Washington, D.C. — During Rail Safety Week, an annual event led by Operation Lifesaver taking place this year from September 21-27, we work to educate and spread awareness about the importance of taking precautions around trains.

Safety is railroads’ number one commitment and they invest heavily year after year to augment safety across the U.S. rail network. And, thanks to robust investment, railroads have achieved massive safety improvements over the last 20 years. But when it comes to the community and things outside a railroad’s control, progress on rail safety is undercut by an unfortunate statistic: 95% of all rail-related deaths involve people walking on railroad tracks or drivers going through crossings.

Sadly, according to Operation Lifesaver, a person or vehicle is struck by a train every three hours in the United States. When these tragedies occur, lives are changed forever—for the people involved in the crash, their family, friends and community, as well as the train crew members. In 2019, there were 2,216 highway-rail grade crossing collisions resulting in 293 deaths and 807 injuries.

Thanks to Operation Lifesaver, the railroads who work with them, and law enforcement and safety groups dedicated to saving lives, today there are more resources than ever to prevent tragic rail accidents. Here are some tips geared toward the various people and groups that encounter crossings.

  1. For new drivers. Caution is your number one concern at a crossing—always expect a train, especially as you don’t know a railroad’s schedule and trains are quieter than ever. Avoiding distractions is also key. Put down the phone, headphones or other distractions.
  2. For all drivers. Waze, the navigation app, has announced a new feature that alerts users of railroad crossings on their route. This safety feature helps drivers avoid railroad crossings at grade entirely, or simply give a heads up to “see track, think train.”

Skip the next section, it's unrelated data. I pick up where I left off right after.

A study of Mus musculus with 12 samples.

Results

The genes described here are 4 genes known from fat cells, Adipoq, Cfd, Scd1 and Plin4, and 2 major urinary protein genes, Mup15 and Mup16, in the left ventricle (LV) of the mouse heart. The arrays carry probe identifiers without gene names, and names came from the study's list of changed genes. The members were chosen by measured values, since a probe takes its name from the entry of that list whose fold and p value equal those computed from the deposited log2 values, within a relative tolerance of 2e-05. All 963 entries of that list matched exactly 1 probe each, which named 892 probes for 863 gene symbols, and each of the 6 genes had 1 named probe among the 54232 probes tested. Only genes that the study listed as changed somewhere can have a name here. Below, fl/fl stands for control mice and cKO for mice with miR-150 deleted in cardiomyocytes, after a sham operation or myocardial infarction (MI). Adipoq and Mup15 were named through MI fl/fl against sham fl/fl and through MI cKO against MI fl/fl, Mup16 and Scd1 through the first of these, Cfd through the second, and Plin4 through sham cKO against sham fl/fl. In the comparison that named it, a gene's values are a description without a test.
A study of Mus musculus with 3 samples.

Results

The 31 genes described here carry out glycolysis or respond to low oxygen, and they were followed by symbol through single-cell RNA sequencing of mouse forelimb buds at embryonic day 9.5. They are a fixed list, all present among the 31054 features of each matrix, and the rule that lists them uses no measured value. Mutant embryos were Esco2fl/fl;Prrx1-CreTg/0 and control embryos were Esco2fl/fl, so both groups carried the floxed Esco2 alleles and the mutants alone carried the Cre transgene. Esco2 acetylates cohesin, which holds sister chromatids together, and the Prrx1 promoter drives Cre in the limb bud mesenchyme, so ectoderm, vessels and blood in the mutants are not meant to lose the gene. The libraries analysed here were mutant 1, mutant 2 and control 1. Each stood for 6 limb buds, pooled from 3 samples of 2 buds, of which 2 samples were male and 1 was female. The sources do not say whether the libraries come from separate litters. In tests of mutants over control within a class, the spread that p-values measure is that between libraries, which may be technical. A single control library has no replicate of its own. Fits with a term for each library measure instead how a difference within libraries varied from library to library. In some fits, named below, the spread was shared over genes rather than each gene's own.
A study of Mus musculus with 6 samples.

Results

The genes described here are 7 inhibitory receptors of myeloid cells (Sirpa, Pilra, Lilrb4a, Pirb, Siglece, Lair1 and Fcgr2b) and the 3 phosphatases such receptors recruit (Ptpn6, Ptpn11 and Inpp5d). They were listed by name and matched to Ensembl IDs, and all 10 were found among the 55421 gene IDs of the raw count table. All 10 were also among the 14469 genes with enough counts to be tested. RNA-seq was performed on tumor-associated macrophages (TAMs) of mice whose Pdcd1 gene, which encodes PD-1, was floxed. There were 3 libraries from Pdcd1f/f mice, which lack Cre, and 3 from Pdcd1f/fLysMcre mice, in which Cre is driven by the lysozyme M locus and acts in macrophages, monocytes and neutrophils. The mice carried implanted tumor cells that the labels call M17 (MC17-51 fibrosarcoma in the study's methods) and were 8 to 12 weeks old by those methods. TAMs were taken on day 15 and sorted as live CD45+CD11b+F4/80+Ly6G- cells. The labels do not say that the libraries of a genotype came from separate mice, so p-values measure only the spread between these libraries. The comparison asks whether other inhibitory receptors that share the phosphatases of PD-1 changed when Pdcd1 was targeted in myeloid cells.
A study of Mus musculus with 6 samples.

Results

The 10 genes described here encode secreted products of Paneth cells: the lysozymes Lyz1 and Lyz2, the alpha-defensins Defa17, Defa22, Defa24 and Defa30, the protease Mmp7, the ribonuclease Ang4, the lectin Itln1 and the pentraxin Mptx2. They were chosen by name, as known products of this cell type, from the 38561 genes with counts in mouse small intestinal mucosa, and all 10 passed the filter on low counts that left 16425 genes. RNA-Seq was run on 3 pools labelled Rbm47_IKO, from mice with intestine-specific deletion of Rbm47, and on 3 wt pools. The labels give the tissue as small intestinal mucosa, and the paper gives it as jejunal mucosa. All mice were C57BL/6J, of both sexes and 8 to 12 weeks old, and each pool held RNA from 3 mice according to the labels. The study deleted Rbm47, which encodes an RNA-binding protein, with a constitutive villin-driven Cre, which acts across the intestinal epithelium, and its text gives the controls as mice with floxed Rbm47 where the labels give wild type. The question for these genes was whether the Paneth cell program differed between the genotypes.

3. For commercial drivers. In addition to using increased attention when approaching and crossing railroad tracks, make sure not to stop closer than 15 feet and not to move forward in traffic unless you can safely clear the crossing. If you stall or get stuck on the tracks, get out and call the toll-free number posted at the crossing, or call local police to alert trains of your position. 
  4. For cyclists. When crossing, go slowly, stand on your pedals, and cross the tracks at as close to a 90-degree angle as possible to keep your balance. Be aware, rails can be very slippery when wet. It’s safest to get off your bike and cross the tracks on foot if it’s been raining.
  5. For pedestrians. The only safe place to cross the tracks is at a designated crossing with either a crossbuck, flashing red lights, or a gate. For your safety, cross tracks only at designated pedestrian or roadway crossings.
  6. For photographers and railfans. Be a good example and avoid the tracks—people mimic your behavior when they see photos. Also keep in mind that most trains overhang the track by at least three feet and no tracks should ever be assumed abandoned or inactive.
  7. For reporters and media: The way media tells a story is important, whether it comes to reporting on rail-related suicide incidents or taping segments near the tracks. For example, wearing safety gear, employing situational awareness and implementing proper distancing from tracks and crossings during a story not only prevents incidents but also models good behavior for viewers.

Thanks in part to the dedicated work of rail safety advocates and commitments made by public safety workers and community members, highway-rail crossing collisions have gone down on average since 1981. For Rail Safety Week 2020, we remain committed to the importance of taking collective safety precautions in order to save lives.